Journalist Floyd Skoot has written an insightful article for Lost Magazine about his experiences of virus-induced brain damage and the curious effects it has had on his speech, movement and mathematical ability.
Skoot interlaces personal experience with his wide reading in the cognitive sciences to bring alive the generalities and clinical detachment typically found in neurological textbooks.
In their fascinating study, Brain Repair, an international trio of neuroscientists ‚Äî Donald G. Stein from America, Simon Brailowsky from Mexico, and Bruno Will from France ‚Äî report that after injury “both cortical and subcortical structures undergo dramatic changes in the pattern of blood flow and neural activity, even those structures that do not appear to be directly or primarily connected with the zone of injury.” From this observation, they conclude that “the entire brain ‚Äî not just the region around the area of damage ‚Äî reorganizes in response to brain injury.” The implications of this are staggering; my entire brain, the organ by which my very consciousness is controlled, was reorganized one day ten years ago. I went to sleep here and woke up there; the place looked the same but nothing in it worked the way it used to.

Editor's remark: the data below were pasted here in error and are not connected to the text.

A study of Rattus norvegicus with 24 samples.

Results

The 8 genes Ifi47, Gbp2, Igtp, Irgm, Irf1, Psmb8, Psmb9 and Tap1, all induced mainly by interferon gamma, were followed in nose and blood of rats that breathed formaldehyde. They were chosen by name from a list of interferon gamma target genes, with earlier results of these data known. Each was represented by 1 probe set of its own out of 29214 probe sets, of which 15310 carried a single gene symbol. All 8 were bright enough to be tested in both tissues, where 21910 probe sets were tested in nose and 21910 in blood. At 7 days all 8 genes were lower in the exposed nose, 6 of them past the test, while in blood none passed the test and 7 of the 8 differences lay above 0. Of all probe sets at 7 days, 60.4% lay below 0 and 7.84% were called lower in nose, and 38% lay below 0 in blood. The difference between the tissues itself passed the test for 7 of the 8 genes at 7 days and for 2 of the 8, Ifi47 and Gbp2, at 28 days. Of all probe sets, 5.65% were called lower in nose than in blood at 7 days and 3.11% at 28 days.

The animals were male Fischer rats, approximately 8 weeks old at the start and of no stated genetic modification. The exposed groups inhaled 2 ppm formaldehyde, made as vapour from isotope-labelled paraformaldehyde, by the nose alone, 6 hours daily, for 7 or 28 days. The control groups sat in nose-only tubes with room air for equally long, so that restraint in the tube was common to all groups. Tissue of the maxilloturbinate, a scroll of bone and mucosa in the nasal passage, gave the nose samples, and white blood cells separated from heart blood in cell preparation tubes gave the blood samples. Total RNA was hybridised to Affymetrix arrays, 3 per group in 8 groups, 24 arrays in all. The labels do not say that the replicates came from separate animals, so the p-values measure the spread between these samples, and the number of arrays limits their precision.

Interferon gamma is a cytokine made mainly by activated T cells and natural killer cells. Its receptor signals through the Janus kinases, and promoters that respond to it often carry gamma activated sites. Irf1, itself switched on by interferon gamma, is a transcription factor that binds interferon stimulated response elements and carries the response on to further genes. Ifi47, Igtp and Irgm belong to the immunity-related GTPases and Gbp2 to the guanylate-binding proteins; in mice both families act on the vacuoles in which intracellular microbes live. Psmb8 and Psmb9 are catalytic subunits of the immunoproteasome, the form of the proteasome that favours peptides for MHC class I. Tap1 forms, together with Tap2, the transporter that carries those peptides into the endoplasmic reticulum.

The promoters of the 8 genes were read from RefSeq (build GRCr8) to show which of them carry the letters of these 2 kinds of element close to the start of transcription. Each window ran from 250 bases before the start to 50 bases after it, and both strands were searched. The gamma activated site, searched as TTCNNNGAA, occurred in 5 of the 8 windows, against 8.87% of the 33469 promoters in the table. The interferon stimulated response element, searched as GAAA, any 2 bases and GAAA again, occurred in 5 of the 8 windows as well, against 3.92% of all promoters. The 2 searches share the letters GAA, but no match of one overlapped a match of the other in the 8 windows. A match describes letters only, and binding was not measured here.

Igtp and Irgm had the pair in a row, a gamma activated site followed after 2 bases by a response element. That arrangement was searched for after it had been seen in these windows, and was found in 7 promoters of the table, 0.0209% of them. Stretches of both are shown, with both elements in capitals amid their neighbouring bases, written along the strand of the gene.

It’s rare to find such a carefully considered and well-informed account of brain damage from someone who has suffered the consequences.
One other source, however, is a book called Injured Brains of Medical Minds where medical people, including some neuroscientists and psychologists, discuss their own experience of brain injury. The book covers 120 years of accounts, with some only attributed to ‘anonymous’.